HAVANA TIMES — Anima Mundi is one of the few Cuban rock bands that have achieved international recognition and have taken the stage at important European venues. Their music makes them a one-of-a-kind experience at home. Today, we converse with the band’s guitarist and founder, Roberto Diaz.
HT: How did Anima Mundi come about?
Roberto Díaz: We started out as a band in 1996. The first members were students from the Enrique Jose Varona Teaching Institute. My idea was to put together a progressive rock band, which wasn’t something very common in Cuba. Many people joined the band initially, but, as time went by, they lost interest. The band has had several internal changes since.
HT: How long have you been playing for?
RD: We’ve been playing professionally for 15 years. We started a little bit before that, compiling materials, looking for instruments, putting together demos, etc.
HT: Was this how you broke into the music world?
RD: No, I was doing music before that. I put together several local rock bands, played with other bands as a guest guitarist, I moved around a lot, playing in many different bands, before creating my own.
HT: Tell us about the band’s album history.
RD: At the beginning, we put together three demos. Then came our first album. We started recording in 2000 and it came out in 2001. The album combined Celtic traditions with New Age Cuban music. We had bag-pipes and Celtic flutes. We performed these pieces at many concerts around Cuba.
After completing this album which combined progressive rock and Celtic music, we set out to produce a second album that would take us back to our symphonic rock roots. It was a very challenging album for us, it took us 7 years to complete, because of changes in the band. We had to use our own resources to make the project a reality.
Those were the hardest times for Anima Mundi, I think. The album was something like the lord of the universe in the Sanskrit language, universal consciousness. A French record label, Musea, produced it. It made its way to the top of progressive rock lists. We had no choice but to approach this record label, because Cuban ones, with the exception of a few small ones, weren’t interested in the genre. Then we launched The Way, which is what landed us the big international tours.
HT: What’s your most recent album?
RD: Lamp Lighter. It’s our fourth studio album. We recorded it with a Dutch label, Amus. We launched it during our third international tour.
HT: How would you define progressive rock?
RD: It emerged as a result of the artistic preoccupations of musicians, and it went beyond a strictly rock and roll context. Its lyrics often have to do with everyday situations, sexual issues or romantic love. It describes an artistic search, which is why the first name it was given was “Art Rock.” It became linked to the visual arts, literature, the search for a distinctive style and with symphonic, experimental, electronic and space music most of all. It ended up going beyond the borders of rock and roll.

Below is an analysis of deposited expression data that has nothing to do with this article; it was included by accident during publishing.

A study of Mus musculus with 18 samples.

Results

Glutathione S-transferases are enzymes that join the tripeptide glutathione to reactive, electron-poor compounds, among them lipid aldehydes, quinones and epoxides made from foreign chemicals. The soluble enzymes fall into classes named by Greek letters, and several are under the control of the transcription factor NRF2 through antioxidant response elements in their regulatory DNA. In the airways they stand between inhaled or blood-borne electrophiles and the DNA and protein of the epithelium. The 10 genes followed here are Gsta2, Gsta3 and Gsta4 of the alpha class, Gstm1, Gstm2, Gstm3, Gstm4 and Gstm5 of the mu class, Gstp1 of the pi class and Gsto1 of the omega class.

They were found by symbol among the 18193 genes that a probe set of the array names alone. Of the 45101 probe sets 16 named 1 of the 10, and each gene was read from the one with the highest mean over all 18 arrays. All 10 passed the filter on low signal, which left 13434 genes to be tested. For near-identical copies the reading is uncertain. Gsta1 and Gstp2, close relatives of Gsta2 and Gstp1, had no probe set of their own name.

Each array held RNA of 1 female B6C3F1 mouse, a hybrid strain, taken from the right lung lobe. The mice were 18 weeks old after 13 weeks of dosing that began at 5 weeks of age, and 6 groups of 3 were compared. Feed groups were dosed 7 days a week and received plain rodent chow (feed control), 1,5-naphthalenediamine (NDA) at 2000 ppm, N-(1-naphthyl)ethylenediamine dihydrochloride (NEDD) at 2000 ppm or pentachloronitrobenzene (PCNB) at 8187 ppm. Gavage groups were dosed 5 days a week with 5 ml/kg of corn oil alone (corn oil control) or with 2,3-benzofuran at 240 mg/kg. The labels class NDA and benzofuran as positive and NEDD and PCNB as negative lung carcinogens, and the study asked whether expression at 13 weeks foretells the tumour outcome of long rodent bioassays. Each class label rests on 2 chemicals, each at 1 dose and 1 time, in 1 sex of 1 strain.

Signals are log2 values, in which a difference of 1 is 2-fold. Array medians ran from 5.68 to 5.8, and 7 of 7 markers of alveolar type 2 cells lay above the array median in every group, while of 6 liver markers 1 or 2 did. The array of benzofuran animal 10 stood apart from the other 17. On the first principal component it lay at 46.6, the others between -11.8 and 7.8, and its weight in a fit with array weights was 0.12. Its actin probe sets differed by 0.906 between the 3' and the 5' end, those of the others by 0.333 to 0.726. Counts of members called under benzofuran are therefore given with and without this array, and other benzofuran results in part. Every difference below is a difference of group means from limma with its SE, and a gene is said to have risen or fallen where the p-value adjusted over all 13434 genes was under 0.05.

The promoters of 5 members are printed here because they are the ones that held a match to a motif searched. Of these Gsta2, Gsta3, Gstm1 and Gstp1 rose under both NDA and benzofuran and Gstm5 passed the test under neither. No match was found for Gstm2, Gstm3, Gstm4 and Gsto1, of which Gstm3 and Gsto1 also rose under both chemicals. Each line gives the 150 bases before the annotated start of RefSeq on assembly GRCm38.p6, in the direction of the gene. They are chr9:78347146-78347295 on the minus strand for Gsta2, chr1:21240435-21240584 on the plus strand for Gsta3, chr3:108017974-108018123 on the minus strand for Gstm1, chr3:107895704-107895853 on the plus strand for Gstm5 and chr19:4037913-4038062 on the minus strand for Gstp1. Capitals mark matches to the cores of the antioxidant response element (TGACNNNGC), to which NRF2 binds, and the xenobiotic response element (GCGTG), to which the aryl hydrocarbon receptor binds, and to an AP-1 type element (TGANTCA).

Some rock magazines have accused the genre of treason, because it has come into contact with other art-forms. The genre has had to protect itself, to go its own way. Different publications and festivals have different views about it. It’s even been defended by an entire press movement.
There are 21 different styles within progressive rock. The most well-known include progressive symphonic rock, which is our style, the electronic rock of the German avant-garde…In short, it tends to remain within elitist circles and enjoys very little publicity.
HT: What about Cuba?
RD: I want to stress that there were many good bands in Cuba, particularly in the early 90s, very interesting projects such as Ojo por hoja (“An Eye for a Leaf”), Carton tabla (“Paperboard”), Perfume de mujer (“Women’s Perfume”), Sebastian del Toro and others. The financial difficulties people have are so immense, however, that to do a genre like this one is complicated. Money is the main reason these bands no longer exist.
Small audiences, scarce resources…you need a lot of orchestral keyboards, devices for guitars, it’s very difficult to get – you don’t have an audience, you don’t have money to buy the instruments, you’re misunderstood all the time. Like the French magazine Harmony Magazine said, Anima Mundi is a kind of priesthood. I think that’s apt, it describes what doing this kind of music means.
HT: Tell us about the band today.
RD: I think we have a top group of people – all of the musicians in the band are well established and devoted professionals you don’t often find these days. We’ve had some excellent drummers who were unable to play the genre, because of the complexity of its language.